New Jersey Superior Court, Appellate Division

Decided: April 8, 1980.


On appeal from Superior Court, Law Division, Essex County, whose opinion is reported at 167 N.J. Super. 455 (1979).

Bischoff, Botter and Dwyer.

Per Curiam

[173 NJSuper Page 88]

In an opinion reported at 167 N.J. Super. 455 (Law Div. 1979), the trial judge ruled that the State had not carried its burden of proving justification for its action in obtaining a superseding indictment against defendant Nannie Buckrham. The superseding indictment charged defendant with two counts of welfare fraud instead of the single count contained in the original indictment.

Defendant argued that the superseding indictment was grounded in retaliatory motives because she (1) insisted upon going to trial and (2) participated in appellate proceedings along with 46 other welfare fraud defendants who had been denied acceptance into PTI. The trial judge accepted defendant's arguments and dismissed the added count of the superseding indictment.

On appeal to this court the State contended that no vindictiveness or prosecutorial retaliation could be inferred because (a) at the time defendant announced she was ready to proceed to trial

[173 NJSuper Page 89]

on the original indictment, the matter was then pending before the grand jury for reconsideration, and (b) as a result of the attempts of the 46 welfare fraud defendants to obtain appellate review, the prosecutor's office substantially modified its policy, reviewed the 46 cases and granted PTI to many of them.

The record presented to us was inadequate to resolve the issues thus presented and we remanded the case "to the trial court for a further hearing in order to permit the State to present additional evidence on lack of a retaliatory motive in obtaining the superseding indictment."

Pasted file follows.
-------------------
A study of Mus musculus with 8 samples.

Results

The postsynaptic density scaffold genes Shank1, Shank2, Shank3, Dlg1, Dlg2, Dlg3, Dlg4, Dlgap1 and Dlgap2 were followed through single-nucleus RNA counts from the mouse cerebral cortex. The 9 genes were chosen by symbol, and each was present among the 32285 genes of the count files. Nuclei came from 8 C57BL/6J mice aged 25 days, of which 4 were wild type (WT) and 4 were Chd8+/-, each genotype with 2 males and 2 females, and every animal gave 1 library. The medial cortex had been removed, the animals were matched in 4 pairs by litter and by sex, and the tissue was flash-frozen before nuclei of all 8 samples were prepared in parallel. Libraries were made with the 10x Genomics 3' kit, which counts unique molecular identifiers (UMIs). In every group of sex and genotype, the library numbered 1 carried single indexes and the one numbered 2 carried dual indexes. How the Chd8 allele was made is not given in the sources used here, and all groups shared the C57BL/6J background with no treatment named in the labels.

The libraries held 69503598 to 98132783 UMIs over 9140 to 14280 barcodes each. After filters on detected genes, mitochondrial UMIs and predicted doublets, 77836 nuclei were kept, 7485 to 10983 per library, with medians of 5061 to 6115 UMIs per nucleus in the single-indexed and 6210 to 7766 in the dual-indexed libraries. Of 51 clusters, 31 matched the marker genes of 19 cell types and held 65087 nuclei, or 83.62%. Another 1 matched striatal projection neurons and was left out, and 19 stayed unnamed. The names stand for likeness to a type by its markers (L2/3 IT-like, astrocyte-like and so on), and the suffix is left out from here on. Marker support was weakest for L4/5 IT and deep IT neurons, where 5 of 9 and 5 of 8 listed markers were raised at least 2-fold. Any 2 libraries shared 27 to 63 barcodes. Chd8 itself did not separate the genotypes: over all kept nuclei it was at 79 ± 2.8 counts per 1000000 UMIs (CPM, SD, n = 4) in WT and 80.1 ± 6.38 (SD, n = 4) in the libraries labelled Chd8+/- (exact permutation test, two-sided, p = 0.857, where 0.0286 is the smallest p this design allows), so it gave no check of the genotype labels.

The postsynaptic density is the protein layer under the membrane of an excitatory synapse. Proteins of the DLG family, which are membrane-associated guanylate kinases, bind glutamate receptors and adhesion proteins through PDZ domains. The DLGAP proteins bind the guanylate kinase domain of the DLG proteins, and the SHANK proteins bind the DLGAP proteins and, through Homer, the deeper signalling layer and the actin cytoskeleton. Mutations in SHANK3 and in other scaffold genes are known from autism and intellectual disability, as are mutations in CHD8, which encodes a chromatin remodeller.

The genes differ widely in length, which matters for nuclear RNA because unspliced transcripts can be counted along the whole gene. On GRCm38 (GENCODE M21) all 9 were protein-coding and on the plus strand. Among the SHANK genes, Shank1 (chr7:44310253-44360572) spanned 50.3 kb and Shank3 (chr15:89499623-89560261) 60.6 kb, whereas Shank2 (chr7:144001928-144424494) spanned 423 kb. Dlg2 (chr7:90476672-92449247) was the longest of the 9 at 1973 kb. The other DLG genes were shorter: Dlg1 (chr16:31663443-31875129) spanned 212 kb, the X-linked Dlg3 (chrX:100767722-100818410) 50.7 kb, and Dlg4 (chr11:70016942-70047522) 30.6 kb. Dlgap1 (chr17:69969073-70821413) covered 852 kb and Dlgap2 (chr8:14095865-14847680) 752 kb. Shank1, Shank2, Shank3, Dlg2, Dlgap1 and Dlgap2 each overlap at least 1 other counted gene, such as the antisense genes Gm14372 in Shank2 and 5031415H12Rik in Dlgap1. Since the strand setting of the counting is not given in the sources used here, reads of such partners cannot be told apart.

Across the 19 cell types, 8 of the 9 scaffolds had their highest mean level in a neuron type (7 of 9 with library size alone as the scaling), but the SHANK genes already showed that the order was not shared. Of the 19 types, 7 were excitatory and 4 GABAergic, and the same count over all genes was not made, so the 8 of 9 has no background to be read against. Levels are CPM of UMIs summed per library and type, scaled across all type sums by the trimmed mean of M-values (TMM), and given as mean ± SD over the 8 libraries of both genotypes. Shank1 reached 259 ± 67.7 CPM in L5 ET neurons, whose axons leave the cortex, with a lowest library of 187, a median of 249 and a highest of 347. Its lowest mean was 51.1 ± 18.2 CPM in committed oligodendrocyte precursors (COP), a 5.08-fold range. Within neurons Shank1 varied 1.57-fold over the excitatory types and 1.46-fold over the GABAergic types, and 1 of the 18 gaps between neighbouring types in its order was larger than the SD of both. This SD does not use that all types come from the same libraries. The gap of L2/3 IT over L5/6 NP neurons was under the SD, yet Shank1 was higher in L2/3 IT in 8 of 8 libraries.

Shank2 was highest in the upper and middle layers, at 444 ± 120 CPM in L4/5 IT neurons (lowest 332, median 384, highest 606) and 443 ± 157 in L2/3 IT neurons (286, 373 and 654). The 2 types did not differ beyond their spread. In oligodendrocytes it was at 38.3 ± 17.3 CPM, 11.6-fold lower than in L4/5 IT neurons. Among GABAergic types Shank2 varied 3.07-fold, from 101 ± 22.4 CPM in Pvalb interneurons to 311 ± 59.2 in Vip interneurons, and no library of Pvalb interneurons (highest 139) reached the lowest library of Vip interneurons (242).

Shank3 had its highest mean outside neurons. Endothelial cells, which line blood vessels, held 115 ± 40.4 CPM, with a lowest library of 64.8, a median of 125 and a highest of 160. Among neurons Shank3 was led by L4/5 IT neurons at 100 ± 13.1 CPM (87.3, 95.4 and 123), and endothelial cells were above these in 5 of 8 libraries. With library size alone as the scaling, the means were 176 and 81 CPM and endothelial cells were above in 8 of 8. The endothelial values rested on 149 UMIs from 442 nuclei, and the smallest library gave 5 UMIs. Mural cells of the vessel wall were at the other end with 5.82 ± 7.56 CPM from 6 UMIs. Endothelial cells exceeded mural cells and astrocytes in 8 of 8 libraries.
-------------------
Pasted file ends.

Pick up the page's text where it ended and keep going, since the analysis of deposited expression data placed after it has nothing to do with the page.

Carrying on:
The hearing on the remand has been held and the trial judge has made his findings which have been transmitted to us along with the record. Counsel have been afforded an opportunity to be heard on this supplemented record. The trial judge considered the additional testimony and exhibits and found that the superseding indictment was "explained as a necessary and appropriate correction of an incorrect indictment, rather than as the incorporation of previously ignored material into a wholly new count." Evidence supporting both aspects of welfare fraud charged in the superseding indictment had been presented to the original grand jury but, apparently through inadvertence, only one aspect was included in the indictment as originally drawn.

On the remand the trial judge found that:

The factual picture initially presented to this Court by the prosecutor on defendant's motion understated the facts in disclosing that the prosecutor reviewed the file subsequent to the Buckrham appeal efforts and request for trial, and discovered evidence which would support an additional count.

The supplemental hearing has demonstrated that addition of the second count, while initially suspect, is readily explained by the necessity to correct the obvious variation between the proofs presented to the Grand Jury and the form of the incorrect first indictment. The presumption of vindictiveness has been overcome.

So viewed, it is unnecessary for me to consider the effect of the fact that approximately 40% of the defendants who sought appeal together with Buckrham

[173 NJSuper Page 90]

ultimately received favorable P.T.I. consideration. This was disclosed by supplemental submission responsive to the Appellate Division request.

Considering Buckrham's role and the role of her counsel as the apparent, if not actual leader of the mass appeal efforts, I would have reservations about the adequacy of that statistic, standing alone, to rebut the presumption.

In response to the request for more information on the date of defendant's jury trial demand, I find that Assistant Prosecutor Maurer was informed of defendant's definite intention to go to trial prior to March 8, 1978, and prior to his initiation of steps to secure an amended or superseding indictment. Defendant did not wish to negotiate a plea because of a desire to preserve appeal rights respecting the P.T.I. issue. Even should a presumption of vindictiveness be deemed to arise out of these facts, the expanded proofs, I find, have overcome the presumption, as discussed above.

Defendant has presented no proofs which rebut the prosecutor's exhibits and testimony as supplemented, or which otherwise sustain defendant's burden in the absence of a bolstering presumption.

The conclusion of the trial judge that the presumption of vindictiveness or prosecutorial retaliation has been overcome is amply supported by the expanded record.

The order dismissing the first count of Indictment 2605-77 is vacated and the matter is remanded to the Law Division for further proceedings.